In case you missed it, here are the highlights from City Press on Sunday, April 15.
Winnie Madikizela-Mandela's funeral rift
The ANC had to fight for space on the programme of Winnie Madikizela-Mandela's funeral, which became a platform to shame the party for turning its back on her.
City Press understands that the Madikizela-Mandela family was opposed to ANC speakers and made an eleventh-hour compromise to give space to the governing party, the political home of the late stalwart and MP.
ANC insiders described a "clear rift" between the party and the Madikizela-Mandela family.
Gigaba fights for his political life
Home Affairs Minister Malusi Gigaba is going back to the courts to fight the Oppenheimers in a legal matter that threatens his Cabinet position.
Gigaba has so far come short in court battles with Fireblade Aviation, owned by the wealthy Oppenheimer family. The courts have agreed with Fireblade that Gigaba granted it approval for a private terminal at OR Tambo International Airport.
The terminal was allegedly granted by Gigaba in early 2016 during his first stint as minister of home affairs but he has denied giving such permission. Now Gigaba is applying to the Constitutional Court to argue that such a deal would in any case be illegal and unconstitutional.
How law firm milked pension fund of R200m
A Pretoria law firm is being investigated after accusations that it plundered more than R200m in pension money belonging to municipal councillors.
Details of the alleged heist are laid bare in an affidavit in which the Municipal Councillors’ Pension Fund complains to the Law Society of the Northern Provinces about the conduct of Maluleke Seriti Makume Matlala (MSMM) Incorporated.
Survé tried to score PIC billions
The PIC has refused to confirm or deny that it was the mystery investor that planned to give Sagarmatha Technologies, the new venture by media mogul Iqbal Survé, the minimum of R3 billion it wanted before listing on the JSE this week.
Documents in City Press’ possession, however, indicate that the PIC was investing something in Sagarmatha.
Caster in the spotlight, again
The difference between a Caster Semenya whose testosterone levels are suppressed with medication and a Caster Semenya who runs with what mother nature gave her is between six and seven seconds over in an 800m race.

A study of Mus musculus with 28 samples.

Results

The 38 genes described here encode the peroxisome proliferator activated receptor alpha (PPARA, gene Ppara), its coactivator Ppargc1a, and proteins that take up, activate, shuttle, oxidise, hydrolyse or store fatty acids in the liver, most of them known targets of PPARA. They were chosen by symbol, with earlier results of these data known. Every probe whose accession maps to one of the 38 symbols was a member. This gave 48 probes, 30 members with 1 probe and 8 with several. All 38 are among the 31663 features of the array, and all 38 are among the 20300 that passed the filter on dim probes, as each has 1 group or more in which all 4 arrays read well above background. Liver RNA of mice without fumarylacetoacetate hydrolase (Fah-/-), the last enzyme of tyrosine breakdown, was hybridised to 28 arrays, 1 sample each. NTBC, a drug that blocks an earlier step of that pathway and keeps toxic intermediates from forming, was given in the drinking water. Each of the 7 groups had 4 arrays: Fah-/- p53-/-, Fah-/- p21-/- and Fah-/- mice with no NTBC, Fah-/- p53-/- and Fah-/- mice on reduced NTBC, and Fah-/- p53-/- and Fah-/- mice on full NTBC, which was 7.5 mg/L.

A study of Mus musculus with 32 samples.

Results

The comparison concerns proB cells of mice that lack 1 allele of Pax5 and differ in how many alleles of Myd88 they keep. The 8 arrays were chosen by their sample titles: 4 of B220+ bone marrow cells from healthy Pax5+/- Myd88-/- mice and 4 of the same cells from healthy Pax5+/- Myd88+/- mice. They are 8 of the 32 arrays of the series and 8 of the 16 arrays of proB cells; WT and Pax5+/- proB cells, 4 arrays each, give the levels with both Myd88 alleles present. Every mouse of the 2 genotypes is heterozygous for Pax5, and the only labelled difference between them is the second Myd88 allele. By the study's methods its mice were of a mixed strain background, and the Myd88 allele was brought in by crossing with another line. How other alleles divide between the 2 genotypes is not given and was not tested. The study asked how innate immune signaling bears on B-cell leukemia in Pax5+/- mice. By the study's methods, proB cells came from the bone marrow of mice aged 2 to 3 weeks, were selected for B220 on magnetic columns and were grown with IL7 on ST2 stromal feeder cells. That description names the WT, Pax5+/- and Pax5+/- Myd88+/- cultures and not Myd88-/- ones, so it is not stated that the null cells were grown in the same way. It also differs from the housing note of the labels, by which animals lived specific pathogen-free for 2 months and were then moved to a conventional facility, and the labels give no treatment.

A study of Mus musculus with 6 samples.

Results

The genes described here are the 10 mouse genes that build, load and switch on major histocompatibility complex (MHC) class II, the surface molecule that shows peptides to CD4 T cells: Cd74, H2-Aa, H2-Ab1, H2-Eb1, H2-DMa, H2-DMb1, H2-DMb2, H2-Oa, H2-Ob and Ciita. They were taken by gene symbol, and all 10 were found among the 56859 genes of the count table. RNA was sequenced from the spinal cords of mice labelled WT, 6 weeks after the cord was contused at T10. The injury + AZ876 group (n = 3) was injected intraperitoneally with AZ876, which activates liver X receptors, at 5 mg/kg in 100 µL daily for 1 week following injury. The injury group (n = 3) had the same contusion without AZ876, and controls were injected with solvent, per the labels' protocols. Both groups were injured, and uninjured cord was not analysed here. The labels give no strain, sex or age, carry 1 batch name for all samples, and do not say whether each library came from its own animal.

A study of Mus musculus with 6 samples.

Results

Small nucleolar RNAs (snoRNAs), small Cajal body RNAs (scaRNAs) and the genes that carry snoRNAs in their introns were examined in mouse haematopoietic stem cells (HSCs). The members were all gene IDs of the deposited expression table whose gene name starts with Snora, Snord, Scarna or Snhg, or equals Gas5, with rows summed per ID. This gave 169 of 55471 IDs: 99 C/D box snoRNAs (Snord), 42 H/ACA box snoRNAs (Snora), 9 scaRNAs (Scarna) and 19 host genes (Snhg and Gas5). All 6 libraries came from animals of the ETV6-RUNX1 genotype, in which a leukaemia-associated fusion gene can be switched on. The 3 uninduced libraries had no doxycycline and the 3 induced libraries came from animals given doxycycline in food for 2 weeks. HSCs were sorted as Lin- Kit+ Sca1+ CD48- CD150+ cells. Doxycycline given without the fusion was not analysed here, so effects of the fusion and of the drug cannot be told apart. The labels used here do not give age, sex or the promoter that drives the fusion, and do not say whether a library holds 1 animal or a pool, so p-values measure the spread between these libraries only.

It follows that if the International Association of Athletics Federations (IAAF) succeeds in November in again instituting a restriction on the testosterone levels of female athletes, it would cast a dark cloud over the South African star’s career, said sports psychologist Ross Tucker.
Last month, the IAAF’s council decided to again institute a limit on the testosterone levels of women who run in certain events. The limit applied between 2011 and 2015.
Tucker said the new policy could well be specifically targeting Semenya.
Opinion: We must stop the spy claims
We all know there was heavy infiltration and that some of the most credible people in our midst were on the security branch’s payroll.
A way to end this would be a full-scale inquiry in the form of a Truth and Reconciliation Commission, to reveal and prove once and for all who was on the branch’s payroll. But I somehow doubt there would be much enthusiasm in the governing party for this, as it would kill off whatever little is left of its unity.
Whatever we do, we need to bring to an end to this very dangerous weapon that is used for nefarious and opportunistic ends, writes Mondli Makhanya.
Zonke Dikana: Growing in love
When R&B and Afro-soul singer Zonke Dikana enters the room, everything stops. Her latest work is called L. O. V. E – which stands for Living Out Various Emotions.
"The album takes you on a journey; whether you are happy or annoyed in your relationships, you’ll find a song on this album. There are different emotions love takes you on," she says.